Canada transparency laws force ASX companies to disclose tax bills
Two Australian mining companies will be forced to disclose how much tax they pay in every country around the world by new transparency laws introduced in Canada.
Paladin Energy and OceanaGold, both dual-listed in Australia and Canada, will have to comply with new Canadian laws requiring all oil, gas and mining companies to report payments they make to governments overseas, including taxes, royalties, bonuses, regulatory charges and licence fees.
The Australian government is being pushed to introduce similar rules.
The legislation aims to tackle corruption and tax avoidance in poor countries, as well as payments to indigenous groups. It follows mounting global pressure by transparency organisations and the Organisation for Economic Co-operation and Development to introduce a country-by-country reporting regime.
The new rules are expected to come into force by June 2015 after passing through the Canadian parliament on December 16.
Claire Spoors, a spokeswoman for advocacy group Publish What You Pay, said the Abbott government should consider introducing similar laws in line with Canada’s.
“Australia, as a mining giant, could make a real difference in helping resource-rich but poor countries prosper by ensuring there is greater transparency,” she said.
“Well-managed and properly accounted-for resource revenues can be invested in health, education and putting countries on sustainable development pathways.”
A spokesperson for OceanaGold was unavailable to comment.
The OECD is pushing ahead with a plan to introduce a country-by-country reporting regime – where detailed tax information will be collected from multinationals but be kept private by tax authorities.
The Canadian laws, as well as new rules to be introduced in the European Union, go a step further, and require extractive companies and banks to publicly report certain information from next year.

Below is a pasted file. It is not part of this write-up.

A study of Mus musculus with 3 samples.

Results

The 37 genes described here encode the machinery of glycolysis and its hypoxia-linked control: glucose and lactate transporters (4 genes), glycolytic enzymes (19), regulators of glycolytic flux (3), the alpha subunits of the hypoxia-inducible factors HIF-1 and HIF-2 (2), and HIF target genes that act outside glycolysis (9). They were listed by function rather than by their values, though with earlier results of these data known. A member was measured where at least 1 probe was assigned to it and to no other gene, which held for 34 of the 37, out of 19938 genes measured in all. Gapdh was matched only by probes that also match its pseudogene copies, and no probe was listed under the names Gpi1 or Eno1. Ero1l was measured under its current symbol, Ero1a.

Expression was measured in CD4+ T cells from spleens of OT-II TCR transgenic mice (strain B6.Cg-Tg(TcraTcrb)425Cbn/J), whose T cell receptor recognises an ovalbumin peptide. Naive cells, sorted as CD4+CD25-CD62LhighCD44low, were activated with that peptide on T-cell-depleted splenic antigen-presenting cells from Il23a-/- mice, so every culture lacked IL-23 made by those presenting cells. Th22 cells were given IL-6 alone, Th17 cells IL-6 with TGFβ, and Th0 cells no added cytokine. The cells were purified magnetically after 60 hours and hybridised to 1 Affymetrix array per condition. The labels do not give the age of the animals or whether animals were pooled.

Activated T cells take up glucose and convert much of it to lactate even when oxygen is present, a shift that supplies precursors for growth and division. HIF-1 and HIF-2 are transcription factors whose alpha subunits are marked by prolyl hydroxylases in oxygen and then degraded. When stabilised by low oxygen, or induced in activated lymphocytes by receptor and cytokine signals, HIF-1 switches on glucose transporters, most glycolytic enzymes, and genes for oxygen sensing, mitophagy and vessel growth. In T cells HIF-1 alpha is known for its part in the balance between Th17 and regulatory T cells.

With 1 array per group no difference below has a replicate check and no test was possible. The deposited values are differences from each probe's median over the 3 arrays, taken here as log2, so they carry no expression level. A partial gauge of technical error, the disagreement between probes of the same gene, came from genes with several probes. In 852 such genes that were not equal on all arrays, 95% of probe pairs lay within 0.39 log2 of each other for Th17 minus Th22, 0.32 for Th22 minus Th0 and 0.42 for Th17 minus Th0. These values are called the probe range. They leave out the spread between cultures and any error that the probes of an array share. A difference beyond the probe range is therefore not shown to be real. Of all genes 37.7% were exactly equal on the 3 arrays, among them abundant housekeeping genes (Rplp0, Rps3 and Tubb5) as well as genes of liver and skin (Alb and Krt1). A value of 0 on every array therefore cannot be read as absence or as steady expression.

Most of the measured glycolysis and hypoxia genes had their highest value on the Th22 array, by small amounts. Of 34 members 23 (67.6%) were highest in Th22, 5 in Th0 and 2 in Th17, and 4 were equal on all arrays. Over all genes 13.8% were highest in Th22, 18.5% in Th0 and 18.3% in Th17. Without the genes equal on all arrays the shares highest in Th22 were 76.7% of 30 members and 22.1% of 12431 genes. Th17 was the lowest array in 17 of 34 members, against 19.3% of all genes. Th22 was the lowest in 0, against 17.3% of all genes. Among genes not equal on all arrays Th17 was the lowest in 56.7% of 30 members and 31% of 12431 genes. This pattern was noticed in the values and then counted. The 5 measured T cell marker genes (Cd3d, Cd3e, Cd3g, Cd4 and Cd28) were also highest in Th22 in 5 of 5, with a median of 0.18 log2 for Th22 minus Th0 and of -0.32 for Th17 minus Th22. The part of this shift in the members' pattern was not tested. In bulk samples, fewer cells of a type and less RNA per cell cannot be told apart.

Some large Australian miners, including Rio Tinto, already publish a large amount of tax information, with Rio Tinto chief executive Sam Walsh saying he welcomed country-by-country reporting as a way of tackling corruption.
But the Abbott government has signalled it could water down transparency laws introduced under Labor. The tax disclosure laws would mean that from July, companies with $100 million or more in turnover would have their tax information disclosed on the Australian Taxation Office website.
Finance Minister Mathias Cormann told Fairfax Media the government would review the laws following complaints by private business owners that they could be kidnapped and held for ransom when people realised how wealthy they were from their published tax information.
Senator Cormann said the laws showed a “ham-fisted, ill-thought-out approach trying to crack a nut with a sledgehammer”.
But advocates say greater transparency will boost confidence in the broader community that large companies are paying their fair share of tax.
Australia has endorsed the OECD’s reporting regime, which is not due to be introduced until 2018.
It has also signed up to the OECD’s common reporting standard for governments sharing tax information, after criticism that it delayed the process by consulting big business.
OceanaGold has operations in New Zealand, the Philippines and Australia. Paladin Energy has projects in Namibia, Malawi, Niger, Canada and Australia.